More than four-fifths of people in the UK think climate change is a global emergency, the highest level of concern across 50 countries in a worldwide poll.
More than 1.2 million people around the world took part in the “people’s climate vote” conducted by the United Nations Development Programme (UNDP) and University of Oxford, including more than half a million under-18s.
Although the survey took place last autumn as the pandemic continued to rage, there was widespread recognition of the global climate emergency – among older people as well as the young.
Conserving forests, using renewables, adopting climate-friendly farming techniques, and investing more money in green business were the most popular options for tackling the crisis.
Among those who believed in the climate emergency, a majority across almost all countries wanted all the necessary action taken urgently.
The survey, which reached people via adverts on popular mobile gaming apps, showed that overall 64% of respondents thought climate change was a global emergency, ranging from 69% of under-18s to 58% of over-60s.
The figure climbed to 81% among those in the UK and in Italy, who topped the poll, while at least half of respondents in all countries said they thought there was a global climate emergency.
In the UK, where 21,189 people responded to the survey, youngsters were also more likely to think climate change was a global emergency, with 86% of under-18s saying it was.
The figure was over 80% for both the 18-35 and the 36-59 age groups, and although the over-60s were slightly more sceptical, 78% of them believed climate change was a global emergency – the highest level worldwide for their age group.
Recognition of the global emergency was slightly higher among those who had post-secondary education (85%) than those without (79%), and among women and girls (84%) than men and boys (78%).
Out of 18 environmental policy options people could show their support for, the most popular in the UK were using solar, wind and renewable power, conserving land and forests and keeping the ocean and waterways healthy – each backed by more than four-fifths of people.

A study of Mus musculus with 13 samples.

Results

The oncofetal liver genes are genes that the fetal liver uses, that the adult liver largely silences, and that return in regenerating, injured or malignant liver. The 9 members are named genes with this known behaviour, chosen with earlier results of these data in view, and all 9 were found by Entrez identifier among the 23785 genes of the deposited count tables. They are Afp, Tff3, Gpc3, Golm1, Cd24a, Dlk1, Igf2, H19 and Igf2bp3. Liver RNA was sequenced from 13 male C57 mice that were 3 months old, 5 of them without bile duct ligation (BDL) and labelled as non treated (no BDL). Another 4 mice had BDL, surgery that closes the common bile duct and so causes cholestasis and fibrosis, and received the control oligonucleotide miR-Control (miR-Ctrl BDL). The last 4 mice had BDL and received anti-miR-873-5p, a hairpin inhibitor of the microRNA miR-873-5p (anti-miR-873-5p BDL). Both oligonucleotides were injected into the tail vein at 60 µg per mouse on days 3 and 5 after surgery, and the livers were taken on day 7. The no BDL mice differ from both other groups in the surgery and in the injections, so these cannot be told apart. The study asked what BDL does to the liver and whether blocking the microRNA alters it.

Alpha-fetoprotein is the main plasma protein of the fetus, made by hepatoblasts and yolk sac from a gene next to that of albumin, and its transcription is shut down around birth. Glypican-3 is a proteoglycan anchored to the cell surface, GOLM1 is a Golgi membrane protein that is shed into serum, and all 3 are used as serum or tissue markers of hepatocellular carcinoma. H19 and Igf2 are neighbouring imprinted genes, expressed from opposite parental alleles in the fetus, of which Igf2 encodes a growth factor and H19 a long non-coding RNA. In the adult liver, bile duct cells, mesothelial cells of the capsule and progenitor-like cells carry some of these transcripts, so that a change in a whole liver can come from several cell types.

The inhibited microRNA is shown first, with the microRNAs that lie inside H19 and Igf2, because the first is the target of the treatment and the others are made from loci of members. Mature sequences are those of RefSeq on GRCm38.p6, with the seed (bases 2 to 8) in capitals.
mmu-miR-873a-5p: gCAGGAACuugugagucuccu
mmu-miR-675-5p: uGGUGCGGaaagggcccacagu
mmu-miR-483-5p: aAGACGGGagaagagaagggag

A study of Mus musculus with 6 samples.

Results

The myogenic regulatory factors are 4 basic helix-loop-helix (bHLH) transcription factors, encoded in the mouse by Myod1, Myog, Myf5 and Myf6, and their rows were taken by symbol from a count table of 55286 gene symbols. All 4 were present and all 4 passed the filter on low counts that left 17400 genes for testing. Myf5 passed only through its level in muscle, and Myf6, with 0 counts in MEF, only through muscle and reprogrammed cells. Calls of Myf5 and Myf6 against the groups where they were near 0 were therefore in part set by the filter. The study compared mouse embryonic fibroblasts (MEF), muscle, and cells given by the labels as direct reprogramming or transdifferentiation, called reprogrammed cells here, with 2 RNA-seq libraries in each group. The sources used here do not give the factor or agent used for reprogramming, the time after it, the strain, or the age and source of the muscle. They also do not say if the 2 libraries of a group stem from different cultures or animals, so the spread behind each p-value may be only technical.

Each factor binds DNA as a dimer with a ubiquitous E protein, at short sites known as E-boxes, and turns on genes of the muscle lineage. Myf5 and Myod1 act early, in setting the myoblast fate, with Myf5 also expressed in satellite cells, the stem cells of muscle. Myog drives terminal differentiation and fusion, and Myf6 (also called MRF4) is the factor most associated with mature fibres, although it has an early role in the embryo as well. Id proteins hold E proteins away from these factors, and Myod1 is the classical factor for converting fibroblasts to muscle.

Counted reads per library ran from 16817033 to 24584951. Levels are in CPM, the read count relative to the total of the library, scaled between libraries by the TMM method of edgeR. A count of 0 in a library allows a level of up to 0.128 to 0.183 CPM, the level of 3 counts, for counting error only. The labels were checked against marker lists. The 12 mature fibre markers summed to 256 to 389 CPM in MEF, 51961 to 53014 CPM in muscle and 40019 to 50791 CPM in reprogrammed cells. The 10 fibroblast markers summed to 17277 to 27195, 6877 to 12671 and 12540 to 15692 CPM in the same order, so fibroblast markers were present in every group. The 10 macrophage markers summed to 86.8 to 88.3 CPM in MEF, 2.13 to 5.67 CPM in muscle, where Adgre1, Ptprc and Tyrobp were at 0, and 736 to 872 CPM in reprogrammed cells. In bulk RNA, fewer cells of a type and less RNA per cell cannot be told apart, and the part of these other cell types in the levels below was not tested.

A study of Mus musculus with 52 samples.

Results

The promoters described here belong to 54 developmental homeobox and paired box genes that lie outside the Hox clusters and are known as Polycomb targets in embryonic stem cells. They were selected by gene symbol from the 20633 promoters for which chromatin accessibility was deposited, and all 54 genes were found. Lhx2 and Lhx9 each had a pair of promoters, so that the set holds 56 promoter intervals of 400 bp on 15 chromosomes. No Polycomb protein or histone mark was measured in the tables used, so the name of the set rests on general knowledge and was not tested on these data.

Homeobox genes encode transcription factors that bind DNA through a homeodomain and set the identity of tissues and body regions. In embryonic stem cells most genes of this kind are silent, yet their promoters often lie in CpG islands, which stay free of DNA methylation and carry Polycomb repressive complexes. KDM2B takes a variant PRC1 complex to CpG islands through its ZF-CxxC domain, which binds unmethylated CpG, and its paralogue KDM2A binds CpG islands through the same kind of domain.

The least popular option was promoting plant-based diets, which was supported by 43% of those who took part.
The peoples’ climate vote was conducted from October 7 to December 4 2020 by distributing poll questions through adverts in popular mobile gaming apps to 50 countries.
More than 30 million invites to the survey were issued to people when they played a popular mobile game – such as Words With Friends, Angry Birds, Dragon City or Subway Surfers.
Survey results were included from 1.22 million people who answered at least some questions on climate and all three demographic questions, on gender, age group and education level.
The findings were then weighted by polling experts at Oxford University to be as representative as possible for each country.
UNDP administrator Achim Steiner said: “The results of the survey clearly illustrate that urgent climate action has broad support amongst people around the globe, across nationalities, age, gender and education level.
“But more than that, the poll reveals how people want their policymakers to tackle the crisis.
“From climate-friendly farming to protecting nature and investing in a green recovery from Covid-19, the survey brings the voice of the people to the forefront of the climate debate.
“It signals ways in which countries can move forward with public support as we work together to tackle this enormous challenge.”
Prof Stephen Fisher, from the Department of Sociology at Oxford, said: “The survey – the biggest ever survey of public opinion on climate change – has shown us that mobile gaming networks can not only reach a lot of people, they can engage different kinds of people in a diverse group of countries.
“The people’s climate vote has delivered a treasure trove of data on public opinion that we’ve never seen before.
“Recognition of the climate emergency is much more widespread than previously thought. We’ve also found that most people clearly want a strong and wide-raging policy response.”